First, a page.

Worse, however, are the ones you SHOULD have seen coming, but didn’t. Because you were careless, or complacent, or stupid. Because you failed to do your job, the one job that truly matters.

My daughter had a choking incident yesterday, one that we’d been warned was possible ever since she was diagnosed nine years ago. She had a choking incident, a bad one, bad enough to leave her crying for a long time after and nervous for the rest of the day. And she had it because she tried to eat something that was forbidden, something that has always been forbidden for her to eat because of the choking hazard it represents, something identified as dangerous since she was first diagnosed with polymicrogyria.

Something that I gave her.

There are so many things that we watch for in protecting Schuyler. We try so hard to help build a successful school experience for her. We plan for the future, make plans to move somewhere with a good public transportation system so that one day she can live independently. We watch for seizures, wait for them to turn ugly. We try to teach her to be a good person, which for Schuyler is the easiest thing in the world since she does actually possess the biggest heart of any human being I have ever known. And we protect her from the things that can hurt her, including the foods that her condition makes it very difficult for her to eat without choking.

But the things that make us the most vigilant are the ones that are ever-present, and for Schuyler, choking is one that doesn’t come up very often. Part of that, hopefully, may be a lessening of the choking hazard as she grows older and continues to develop. But her success probably has more to do with the fact that she self-regulates and stays away from the things she can’t have.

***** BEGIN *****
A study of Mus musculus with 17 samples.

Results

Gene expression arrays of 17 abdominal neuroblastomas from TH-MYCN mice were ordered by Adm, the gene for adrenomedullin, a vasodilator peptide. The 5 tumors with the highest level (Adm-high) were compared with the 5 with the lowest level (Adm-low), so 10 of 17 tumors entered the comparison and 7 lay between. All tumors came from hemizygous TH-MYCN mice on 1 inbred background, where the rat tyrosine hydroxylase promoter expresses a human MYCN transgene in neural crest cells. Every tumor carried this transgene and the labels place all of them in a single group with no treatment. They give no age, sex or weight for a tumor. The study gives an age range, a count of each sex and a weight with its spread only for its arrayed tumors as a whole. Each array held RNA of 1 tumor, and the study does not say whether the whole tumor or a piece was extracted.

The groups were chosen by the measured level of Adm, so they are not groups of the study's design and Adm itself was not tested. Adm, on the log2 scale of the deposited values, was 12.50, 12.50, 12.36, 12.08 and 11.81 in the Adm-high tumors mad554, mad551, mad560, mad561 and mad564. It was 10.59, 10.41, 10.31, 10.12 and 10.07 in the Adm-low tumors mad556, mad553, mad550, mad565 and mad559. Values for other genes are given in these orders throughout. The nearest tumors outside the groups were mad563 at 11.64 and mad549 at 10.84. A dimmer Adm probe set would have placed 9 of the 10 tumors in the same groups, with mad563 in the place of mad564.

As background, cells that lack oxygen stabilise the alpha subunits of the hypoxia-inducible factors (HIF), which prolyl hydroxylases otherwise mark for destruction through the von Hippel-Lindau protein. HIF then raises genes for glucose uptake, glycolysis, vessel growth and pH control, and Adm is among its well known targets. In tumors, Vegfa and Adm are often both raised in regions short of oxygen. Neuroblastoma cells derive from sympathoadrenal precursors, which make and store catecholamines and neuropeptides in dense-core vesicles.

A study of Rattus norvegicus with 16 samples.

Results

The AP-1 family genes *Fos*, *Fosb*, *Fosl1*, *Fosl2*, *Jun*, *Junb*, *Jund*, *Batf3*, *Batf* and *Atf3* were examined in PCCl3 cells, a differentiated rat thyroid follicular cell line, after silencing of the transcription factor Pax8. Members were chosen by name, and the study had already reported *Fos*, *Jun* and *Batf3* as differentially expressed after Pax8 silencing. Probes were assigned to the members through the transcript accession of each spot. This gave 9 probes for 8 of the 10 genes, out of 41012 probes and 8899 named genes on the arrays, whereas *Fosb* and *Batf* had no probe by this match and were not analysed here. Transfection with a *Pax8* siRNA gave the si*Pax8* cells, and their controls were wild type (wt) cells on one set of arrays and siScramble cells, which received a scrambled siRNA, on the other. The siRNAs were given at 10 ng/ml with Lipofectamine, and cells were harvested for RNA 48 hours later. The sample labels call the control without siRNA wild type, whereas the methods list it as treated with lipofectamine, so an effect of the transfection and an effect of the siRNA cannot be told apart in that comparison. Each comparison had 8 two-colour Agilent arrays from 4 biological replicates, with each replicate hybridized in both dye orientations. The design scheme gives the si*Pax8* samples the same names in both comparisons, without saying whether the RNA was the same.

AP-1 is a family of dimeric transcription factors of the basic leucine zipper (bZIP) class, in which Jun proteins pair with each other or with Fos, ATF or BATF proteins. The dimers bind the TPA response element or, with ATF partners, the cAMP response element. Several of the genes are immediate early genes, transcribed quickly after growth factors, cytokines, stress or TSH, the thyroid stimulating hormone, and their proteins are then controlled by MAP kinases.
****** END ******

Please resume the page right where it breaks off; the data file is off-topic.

As she gets older, however, Schuyler grows less patient with her disability, and is more determined than ever to be just like everyone else. That now includes eating things that she’s not supposed to have. So I would love to say that she snuck something behind my back. God knows that probably happens a lot, although after yesterday, perhaps not so often anymore.

But no. She asked me if she could have this food item, and I said sure, because it had been forever since she’d choked, and it seemed harmless enough, and I was complacent in the face of her monster. And her monster made her pay for my bad judgment.

I sometimes feel like a failure as a writer, and as a public speaker and advocate, and God knows I’ve had my personal failings as well. But nothing feels quite like failing my daughter, failing to keep her safe, giving her the very thing that could have taken her from me. I’d give just about everything I have to make this the last time I fail her like this.

I’m not sure why I’m writing this here tonight. This space is supposed to be about sharing something useful with you, something you can take with you and improve your own lives. Instead you get me, trying to exorcise my own monster, the monster of failure. It’s a big one, this monster, and its teeth and claws sink deep. And if you’ve ever felt that monster’s bite, then I guess maybe you understand how I feel, and we can just sit here and murmur sympathetically to each other, and then go about our day a little wiser, and a little more aware of the dangers.

Mostly, I just wanted to tell Schuyler that I’m sorry, terribly sorry for letting her down.